07-PIF logo [RIGHT]In the November/December 2013 Birding, Andrew W. Rothman provides a recap of the Fifth International Partners in Flight Conference and Conservation Workshop (“PIF-V”), held in Park City, Utah, August 25–28, 2013. The PIF-V proceedings were commendably forward-looking. Rothman reports in his Birding article that the paper sessions, working groups, and such focused chiefly on tomorrow’s challenges, rather than on yesterday’s research and results.

Birds are still imperiled by climate change, habitat destruction, and a slew of other threats that, honestly, we’ve known about for quite some time now. Don’t get me wrong: Those are serious threats, and we birders need to continue to fight against them. But other challenges loom for bird conservationists—that is to say, for all of us.

I’m curious: What do you suppose these challenges are going to be? I get that climate change and habitat destruction will be central issues for decades to come. And in many parts of the world, DDT and overhunting are frustratingly persistent threats to birdlife. We’re not out of the woods yet on some of the major challenges from the 20th and even 19th centuries. But we also need to move forward, to formulate new strategies and paradigms for bird conservation in the 21st century. So, again, my question: What are they?

I have an idea about this, but I’d like to hear yours first. Please, please, please: Don’t assume that this conversation is open only to professional conservation biologists (although if you do qualify, we’d love to hear from you). Many of the great ideas in bird conservation have had grassroots origins. Let’s see what we can work out together here.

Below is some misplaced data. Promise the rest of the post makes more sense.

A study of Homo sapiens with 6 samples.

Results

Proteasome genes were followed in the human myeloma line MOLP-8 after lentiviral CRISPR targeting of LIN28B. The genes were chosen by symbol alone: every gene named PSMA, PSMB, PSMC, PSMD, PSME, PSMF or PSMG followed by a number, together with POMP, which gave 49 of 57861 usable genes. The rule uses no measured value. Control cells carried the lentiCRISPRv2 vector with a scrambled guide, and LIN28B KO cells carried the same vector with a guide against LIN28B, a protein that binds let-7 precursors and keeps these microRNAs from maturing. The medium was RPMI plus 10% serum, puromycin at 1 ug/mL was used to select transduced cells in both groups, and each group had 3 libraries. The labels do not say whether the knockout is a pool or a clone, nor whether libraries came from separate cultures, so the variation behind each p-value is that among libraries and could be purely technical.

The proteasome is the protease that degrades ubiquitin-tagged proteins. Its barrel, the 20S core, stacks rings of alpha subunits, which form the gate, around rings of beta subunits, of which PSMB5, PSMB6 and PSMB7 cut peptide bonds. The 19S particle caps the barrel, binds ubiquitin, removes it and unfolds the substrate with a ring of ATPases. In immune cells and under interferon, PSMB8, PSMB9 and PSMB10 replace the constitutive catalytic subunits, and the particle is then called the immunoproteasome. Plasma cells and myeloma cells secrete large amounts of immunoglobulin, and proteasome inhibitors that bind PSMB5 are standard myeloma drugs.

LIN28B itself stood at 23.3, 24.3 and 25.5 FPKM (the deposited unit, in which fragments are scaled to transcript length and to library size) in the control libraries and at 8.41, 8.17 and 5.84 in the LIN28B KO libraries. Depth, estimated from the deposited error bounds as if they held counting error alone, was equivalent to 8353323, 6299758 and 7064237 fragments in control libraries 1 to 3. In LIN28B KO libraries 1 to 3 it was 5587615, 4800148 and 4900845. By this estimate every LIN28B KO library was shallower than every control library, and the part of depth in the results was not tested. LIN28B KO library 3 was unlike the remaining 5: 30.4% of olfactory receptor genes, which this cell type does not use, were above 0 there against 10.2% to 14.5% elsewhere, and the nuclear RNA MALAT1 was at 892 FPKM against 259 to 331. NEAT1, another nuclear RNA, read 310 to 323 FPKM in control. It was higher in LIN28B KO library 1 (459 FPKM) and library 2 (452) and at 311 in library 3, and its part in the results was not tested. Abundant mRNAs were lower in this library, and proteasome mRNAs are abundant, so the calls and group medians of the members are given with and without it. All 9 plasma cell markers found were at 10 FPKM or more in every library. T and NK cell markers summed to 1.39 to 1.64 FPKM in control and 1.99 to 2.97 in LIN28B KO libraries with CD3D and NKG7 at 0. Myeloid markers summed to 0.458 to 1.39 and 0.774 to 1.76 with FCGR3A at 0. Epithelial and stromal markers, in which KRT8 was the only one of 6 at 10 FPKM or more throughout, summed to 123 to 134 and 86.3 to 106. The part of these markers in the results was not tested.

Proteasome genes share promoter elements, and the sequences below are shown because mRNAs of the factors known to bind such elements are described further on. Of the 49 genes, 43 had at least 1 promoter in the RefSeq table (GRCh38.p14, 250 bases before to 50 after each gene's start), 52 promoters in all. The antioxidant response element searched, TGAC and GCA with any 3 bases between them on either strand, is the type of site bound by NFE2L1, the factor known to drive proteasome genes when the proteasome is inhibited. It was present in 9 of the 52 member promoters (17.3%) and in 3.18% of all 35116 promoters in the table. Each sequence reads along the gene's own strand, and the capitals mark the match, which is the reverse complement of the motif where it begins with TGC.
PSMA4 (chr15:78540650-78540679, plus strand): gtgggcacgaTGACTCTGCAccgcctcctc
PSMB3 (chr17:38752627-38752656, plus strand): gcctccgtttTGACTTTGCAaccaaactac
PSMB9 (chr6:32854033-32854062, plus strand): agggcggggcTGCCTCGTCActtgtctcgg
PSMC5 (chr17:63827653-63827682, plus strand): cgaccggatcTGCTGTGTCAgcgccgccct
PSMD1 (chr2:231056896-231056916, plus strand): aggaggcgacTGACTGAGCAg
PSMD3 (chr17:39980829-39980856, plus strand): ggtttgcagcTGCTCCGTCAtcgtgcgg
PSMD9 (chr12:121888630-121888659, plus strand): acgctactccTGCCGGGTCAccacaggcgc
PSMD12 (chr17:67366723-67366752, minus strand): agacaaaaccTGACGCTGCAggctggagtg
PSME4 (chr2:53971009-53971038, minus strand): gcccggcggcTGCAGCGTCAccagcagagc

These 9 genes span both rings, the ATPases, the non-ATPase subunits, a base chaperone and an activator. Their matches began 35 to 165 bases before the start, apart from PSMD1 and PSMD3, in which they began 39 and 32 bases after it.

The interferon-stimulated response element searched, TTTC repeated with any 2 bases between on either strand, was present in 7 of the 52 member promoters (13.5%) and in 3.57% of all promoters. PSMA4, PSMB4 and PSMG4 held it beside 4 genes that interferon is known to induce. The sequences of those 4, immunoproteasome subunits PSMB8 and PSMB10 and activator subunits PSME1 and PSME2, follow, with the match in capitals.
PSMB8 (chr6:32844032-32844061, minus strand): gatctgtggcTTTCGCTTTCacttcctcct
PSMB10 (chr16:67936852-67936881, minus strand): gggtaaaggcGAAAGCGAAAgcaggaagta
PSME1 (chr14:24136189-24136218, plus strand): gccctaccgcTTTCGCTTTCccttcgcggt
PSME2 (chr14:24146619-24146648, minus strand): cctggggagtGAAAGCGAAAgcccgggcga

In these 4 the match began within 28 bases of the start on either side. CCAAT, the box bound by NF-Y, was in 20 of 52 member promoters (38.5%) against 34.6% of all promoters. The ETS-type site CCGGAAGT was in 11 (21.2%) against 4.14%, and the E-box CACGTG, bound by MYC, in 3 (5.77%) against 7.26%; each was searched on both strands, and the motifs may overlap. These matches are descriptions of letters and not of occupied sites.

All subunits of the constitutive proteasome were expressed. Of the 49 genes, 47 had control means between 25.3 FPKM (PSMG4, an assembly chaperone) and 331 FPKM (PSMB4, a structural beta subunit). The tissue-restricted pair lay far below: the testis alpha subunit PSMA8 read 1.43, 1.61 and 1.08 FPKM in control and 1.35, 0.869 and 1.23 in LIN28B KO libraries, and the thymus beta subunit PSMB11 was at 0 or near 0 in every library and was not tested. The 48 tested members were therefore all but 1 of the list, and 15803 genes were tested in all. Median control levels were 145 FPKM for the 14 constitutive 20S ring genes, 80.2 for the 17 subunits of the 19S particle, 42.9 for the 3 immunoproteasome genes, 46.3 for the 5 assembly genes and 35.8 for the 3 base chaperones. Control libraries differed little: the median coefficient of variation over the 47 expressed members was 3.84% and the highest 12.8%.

A hint: My idea presents a challenge to, and a huge opportunity for, the ABA.


Ted Floyd

Editor, Birding magazine at American Birding Association
Ted Floyd is the Editor of Birding magazine, and he is broadly involved in other programs and initiatives of the ABA. He is the author of more than 100 magazine and journal articles, and has written four recent books, including an ABA title, the ABA Guide to Birds of Colorado. Floyd is a frequent speaker at birding festivals and state ornithological society meetings, and he has served on the boards of several nonprofit organizations. Mainly, he listens to birds at night.